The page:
Springfield, MO

SBJ photo by Wes Hamilton
EARLY START: Declan Hubbell has been working at Hubbell Mechanical Supply Co., founded by his father in 1970, since he was 12 years old.

Business Spotlight: Like Father, Like Son

Second generation steers the future as Hubbell Mechanical Supply Co. approaches five decades

Posted online

It’s been quite a few years since Declan Hubbell took over Hubbell Mechanical Supply Co. from his dad, Jack. But he still remembers when he made the decision to go to work for the company at the young age of 12.

“A lot of people don’t believe that,” he says, regarding his age when he told his dad he wanted to go to work.

Dad said yes, and Hubbell began working in the warehouse of the Springfield business, which started in 1970. Hubbell says his early jobs were loading pallets and cleaning bathrooms.

“After that summer, I always told everybody that was the worst mistake I ever made,” he says, laughing.

Hubbell says his father “semiretired” around 2003, leading the youngster to essentially take over at 25 years old.

“He put a lot of work into getting it going,” Hubbell says of his dad, who died in 2013. “I had the easy part, I promise.”

The company started by Jack Hubbell was originally located on East Cherry Street before moving in 1973 to its current home at 2051 E. McDaniel St., where it has remained on a 5-acre tract of land.

To accommodate growth, Hubbell says numerous expansions have taken place on the property, with a total of seven buildings now. Among warehouse space, a showroom and offices, Hubbell says total square footage on the property is around 50,000.

Nearly 70 percent of the company’s business is generated through supplying clients with pipes, valves and fittings, Hubbell says, with the remainder in heating and air conditioner supplies. He says the company’s expanded the heating and air portion of the business in recent years.

With positive word of mouth a big factor in the company’s longevity, Hubbell says the clientele has been built over time through the hard work of salespeople in the field.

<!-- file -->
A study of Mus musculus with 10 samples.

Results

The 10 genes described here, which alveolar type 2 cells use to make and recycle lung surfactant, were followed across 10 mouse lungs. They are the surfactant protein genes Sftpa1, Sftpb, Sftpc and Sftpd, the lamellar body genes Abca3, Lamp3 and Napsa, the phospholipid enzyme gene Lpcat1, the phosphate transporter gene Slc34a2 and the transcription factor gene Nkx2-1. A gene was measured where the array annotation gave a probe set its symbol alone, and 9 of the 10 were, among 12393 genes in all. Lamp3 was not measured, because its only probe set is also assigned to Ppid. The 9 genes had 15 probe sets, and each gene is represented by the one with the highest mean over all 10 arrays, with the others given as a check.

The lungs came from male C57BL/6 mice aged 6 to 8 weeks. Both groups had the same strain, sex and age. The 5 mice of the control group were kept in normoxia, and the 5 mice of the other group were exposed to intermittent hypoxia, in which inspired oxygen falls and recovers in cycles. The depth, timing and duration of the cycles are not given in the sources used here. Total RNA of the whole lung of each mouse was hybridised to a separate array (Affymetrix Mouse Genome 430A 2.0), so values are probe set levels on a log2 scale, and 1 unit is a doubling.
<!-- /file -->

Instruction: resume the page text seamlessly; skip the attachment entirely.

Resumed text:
“It’s a pretty niche business,” he says. “I couldn’t put a billboard up and have it do any good. We don’t sell to the user.”

One of those clients is Gary Cooley of Cooley’s Plumbing and Backhoe Inc. Cooley says he’s worked with Hubbell Mechanical Supply since 1976 and has known Declan since “he was just a little bitty boy.”

Cooley says his company gets just about everything Hubbell offers in plumbing supplies, spending around $15,000 a month. The companies used to do more business together when Hubbell Mechanical sold fixtures, such as stools. But because Cooley’s Plumbing does a lot of residential work, he now purchases those items elsewhere.

Hubbell Mechanical makes free deliveries within a 100-mile radius, and the company has shipped product overseas, Hubbell says.

Hubbell says the business climate right now looks to be about “building, building, building.”

“That’s always good for our industry,” he adds, noting revenue already was trending up, reaching $4 million last year.

“Over the short term, everything looks great,” he says. “In the next several years, I don’t foresee anything terribly different.”

Prior to the economic downturn around 2008, everyone thought it was going to be economic smooth sailing for the foreseeable future, Hubbell says.

While that period was a definite challenge, he says being a debt-free company helped the business survive.

“We don’t have any debt,” Hubbell says. “As tight as it was, we were able to weather that storm, obviously. A lot of people folded up. We were able to make it through and that was probably a big reason why.”

The staff at Hubbell Mechanical Supply Co. is relatively small, Hubbell says, with 15 currently employed.

“Everybody’s just extremely efficient. And dad passed this down to me, but it’s just everybody is well trained at sourcing, which is the key to having a place as small as we are competing with all the big jobs around.

“It might sound cliche, and everybody says it, but having that tight-knit atmosphere always helps,” he continued. “Nobody’s a cog in the wheel over here.”